Exploring Lamar's Classic Series

Top Dawg Entertainment's Kendrick Lamar

The metamorphosis of Kendrick Lamar—from a good kid, to Hip-Hop's poet laureate—has been a joy to witness. 

With his art, Lamar has reconciled with racism, gang-violence, depression, self-hatred, and his own quest for spiritual fulfillment. From Section 80 to DAMN—each project is rich with flair and adds credence to his frequent "best rapper alive" proclamation. He's earned the praise of many but once upon a time, Cornrow Kenny was just a blimp on everyone's radar. 

Now when he drops, Hip-Hop circles seem to stand still... at least for a few moments... to give him their undivided attention. Passion—seeps into every verse. His heart—speaking in every song. 

Look no further than "The Heart" series as proof; and listen no longer unless you're using JBL speakers. Now, here's a ranking of Lamar's classic series: 

'The Heart Part 1' - Rank: #4

To kick off the series, Lamar raps with a veracious tenacity on The Heart Part 1. It's as much a venting session for him as it is a lyrical exercise. With so much to prove and an eagerness for stardom flowing through his voice, this track is like the restlessness of waves before a hurricane. The cool jazz instrumental is the perfect backdrop for Lamar's unpredictable, free-verse bonanza where he shouts out J. Cole, and insists that we do more than "boo" "wack rappers." Geez... he hadn't even dropped his Overly Dedicated mixtape yet.

'The Heart Part 2' - Rank: #3

With a sample from deceased graffiti artist Dash Snow, Lamar decrees and declares, "fuck a funeral, just make sure you pay my music respect." There's a paranoia of death; or at least a fear that his art might not reach the pinnacles he desires. Looking around himself, there's pain and desperation in his voice. He doesn't want to be trapped by his surroundings forever; it's a sentiment that makes the listener root for him when he says, "I hope these bars get farther than Compton." 

And further than Compton they went. This is a tough contender among the other songs in this series. His vocals are raw, and his intensity is through the roof. But this track's true magic lies in its conviction and in Kendrick's determination to raise the ceiling for himself, and push his art further. It makes "my future so bright, I'd probably go blind before I blink twice" feel only semi-hyperbolic.

'The Heart Part 3' - Rank: #1

"When the whole world see you as Pac reincarnated, that's enough pressure to live your whole life sedated."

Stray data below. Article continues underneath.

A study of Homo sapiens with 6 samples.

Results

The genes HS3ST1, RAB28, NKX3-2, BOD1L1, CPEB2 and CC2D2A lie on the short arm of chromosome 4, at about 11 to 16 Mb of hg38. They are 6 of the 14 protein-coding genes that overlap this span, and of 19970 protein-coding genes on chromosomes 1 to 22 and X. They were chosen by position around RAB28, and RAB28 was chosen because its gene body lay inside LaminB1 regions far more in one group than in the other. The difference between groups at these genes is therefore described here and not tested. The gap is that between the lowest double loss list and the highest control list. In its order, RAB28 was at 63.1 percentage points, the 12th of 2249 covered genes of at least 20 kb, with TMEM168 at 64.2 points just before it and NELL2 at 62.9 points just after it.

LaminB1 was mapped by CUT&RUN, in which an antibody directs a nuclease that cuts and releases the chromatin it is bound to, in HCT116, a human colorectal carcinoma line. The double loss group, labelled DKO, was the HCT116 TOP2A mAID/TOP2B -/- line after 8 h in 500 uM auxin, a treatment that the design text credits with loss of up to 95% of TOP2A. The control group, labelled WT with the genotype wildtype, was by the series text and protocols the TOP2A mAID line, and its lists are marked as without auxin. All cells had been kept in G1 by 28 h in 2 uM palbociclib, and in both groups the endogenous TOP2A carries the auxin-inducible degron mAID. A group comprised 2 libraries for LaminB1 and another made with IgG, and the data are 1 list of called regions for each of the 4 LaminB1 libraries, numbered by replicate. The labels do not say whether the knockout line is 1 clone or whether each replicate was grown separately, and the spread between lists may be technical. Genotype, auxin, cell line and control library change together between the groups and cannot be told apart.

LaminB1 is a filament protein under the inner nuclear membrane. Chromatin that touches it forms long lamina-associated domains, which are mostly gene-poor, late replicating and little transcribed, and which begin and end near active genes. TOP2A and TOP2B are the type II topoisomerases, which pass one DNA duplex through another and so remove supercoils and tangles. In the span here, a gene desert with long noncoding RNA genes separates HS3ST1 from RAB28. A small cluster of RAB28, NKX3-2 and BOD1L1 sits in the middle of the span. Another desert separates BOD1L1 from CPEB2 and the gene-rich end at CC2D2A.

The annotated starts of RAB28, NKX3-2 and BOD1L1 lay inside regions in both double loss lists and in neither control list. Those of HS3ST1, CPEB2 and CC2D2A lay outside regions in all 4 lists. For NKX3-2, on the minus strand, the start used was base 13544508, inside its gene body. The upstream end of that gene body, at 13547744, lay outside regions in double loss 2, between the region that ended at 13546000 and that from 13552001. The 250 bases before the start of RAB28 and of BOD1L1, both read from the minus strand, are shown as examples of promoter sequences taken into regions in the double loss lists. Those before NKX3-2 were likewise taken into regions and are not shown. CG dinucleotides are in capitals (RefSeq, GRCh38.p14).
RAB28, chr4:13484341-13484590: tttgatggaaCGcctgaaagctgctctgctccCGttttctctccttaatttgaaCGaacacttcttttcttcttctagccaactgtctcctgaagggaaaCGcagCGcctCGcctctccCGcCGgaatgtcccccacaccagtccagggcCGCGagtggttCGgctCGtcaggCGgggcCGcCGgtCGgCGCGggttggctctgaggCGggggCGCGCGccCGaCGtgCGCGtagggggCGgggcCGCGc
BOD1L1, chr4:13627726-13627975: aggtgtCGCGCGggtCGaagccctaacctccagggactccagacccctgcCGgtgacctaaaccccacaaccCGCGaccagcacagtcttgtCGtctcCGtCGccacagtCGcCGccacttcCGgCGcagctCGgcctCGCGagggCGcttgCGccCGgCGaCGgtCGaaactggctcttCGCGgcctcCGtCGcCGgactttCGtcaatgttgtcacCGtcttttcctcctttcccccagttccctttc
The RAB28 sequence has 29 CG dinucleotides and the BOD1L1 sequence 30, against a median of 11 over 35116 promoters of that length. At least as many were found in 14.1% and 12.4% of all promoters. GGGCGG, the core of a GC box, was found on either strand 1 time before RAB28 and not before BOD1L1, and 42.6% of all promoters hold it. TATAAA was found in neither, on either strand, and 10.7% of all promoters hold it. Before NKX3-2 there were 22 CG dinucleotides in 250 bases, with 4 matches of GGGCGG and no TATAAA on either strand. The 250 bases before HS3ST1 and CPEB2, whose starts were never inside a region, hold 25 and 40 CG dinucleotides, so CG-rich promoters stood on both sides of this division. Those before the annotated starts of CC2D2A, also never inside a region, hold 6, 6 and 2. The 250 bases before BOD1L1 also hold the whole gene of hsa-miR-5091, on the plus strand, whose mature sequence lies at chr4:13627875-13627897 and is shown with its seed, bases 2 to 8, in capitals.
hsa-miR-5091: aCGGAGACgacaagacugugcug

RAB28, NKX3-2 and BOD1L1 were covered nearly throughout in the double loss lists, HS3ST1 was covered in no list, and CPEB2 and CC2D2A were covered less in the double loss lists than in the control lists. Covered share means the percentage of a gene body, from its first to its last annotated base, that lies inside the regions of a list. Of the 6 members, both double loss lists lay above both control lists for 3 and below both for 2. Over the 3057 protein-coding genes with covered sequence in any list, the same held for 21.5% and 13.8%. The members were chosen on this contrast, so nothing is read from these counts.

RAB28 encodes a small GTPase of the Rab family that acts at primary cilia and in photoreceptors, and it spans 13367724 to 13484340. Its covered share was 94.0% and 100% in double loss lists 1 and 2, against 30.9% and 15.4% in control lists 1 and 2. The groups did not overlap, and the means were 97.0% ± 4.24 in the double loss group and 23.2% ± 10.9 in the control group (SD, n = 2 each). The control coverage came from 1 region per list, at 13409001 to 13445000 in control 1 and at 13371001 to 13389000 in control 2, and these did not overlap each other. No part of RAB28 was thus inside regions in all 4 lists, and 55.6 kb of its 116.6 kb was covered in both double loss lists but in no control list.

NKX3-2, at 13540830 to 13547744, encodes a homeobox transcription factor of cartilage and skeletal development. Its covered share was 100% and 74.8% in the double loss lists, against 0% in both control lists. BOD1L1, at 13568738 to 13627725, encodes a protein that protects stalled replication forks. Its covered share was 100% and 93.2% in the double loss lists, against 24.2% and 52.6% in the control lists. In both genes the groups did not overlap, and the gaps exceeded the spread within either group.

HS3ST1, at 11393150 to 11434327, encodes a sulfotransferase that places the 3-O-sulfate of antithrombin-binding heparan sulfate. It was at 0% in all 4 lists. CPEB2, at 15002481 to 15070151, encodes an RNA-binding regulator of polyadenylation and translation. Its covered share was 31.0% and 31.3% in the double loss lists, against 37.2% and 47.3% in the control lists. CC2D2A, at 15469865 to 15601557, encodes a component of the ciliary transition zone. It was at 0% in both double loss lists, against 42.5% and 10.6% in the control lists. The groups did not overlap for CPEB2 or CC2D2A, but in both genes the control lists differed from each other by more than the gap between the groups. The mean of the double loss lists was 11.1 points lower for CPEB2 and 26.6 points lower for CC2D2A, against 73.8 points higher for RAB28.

Three days before the release of his sophomore LP/ major label debut, Lamar released The Heart Part 3. After Section 80, he worked closely with Dr. Dre, and appeared on numerous features. More importantly, West Coast legends like Snoop Dogg passed him the torch

And that's why this is the best in the series: the stakes were high for this MC. The bar he kept raising for himself in parts one and two finally caught up to him. Until at long last, he became the torch bearer that west coast pioneers felt they could crown. The pressure he had put on himself to be great became magnified ten times over.

You can here the gravity of these expectations in every word uttered; as well as the confidence he had that Good Kid Maad City would be a special moment for Hip-Hop. This is the only track in this series with features from fellow TDE members too. 

Aren't you glad Hip-Hop didn't "die on October 22nd?"

'The Heart Part 4' - Rank: #2

"Don't tell a lie on me, I won't tell the truth 'bout you". 

At five foot five, who would've expected Kendrick to be such a bully? He's either addressing Drake or Big Sean- or both. And with his skill-set and pen-game, it's exciting hearing him taunt his peers knowing fully well that they "don't wanna clash". Listening to "The Heart Part IV" is like watching the quite poet in the back of the class steal the most popular kid's lunch money, spin around, laugh, and then brag about it during an open-mic. 

It's a victory lap that's fun to listen to because no one will race him. It stimulated the anticipation for DAMN; but Lamar had nothing to lose by shadowboxing with his adversaries. 

So what do you think? Is this the right order?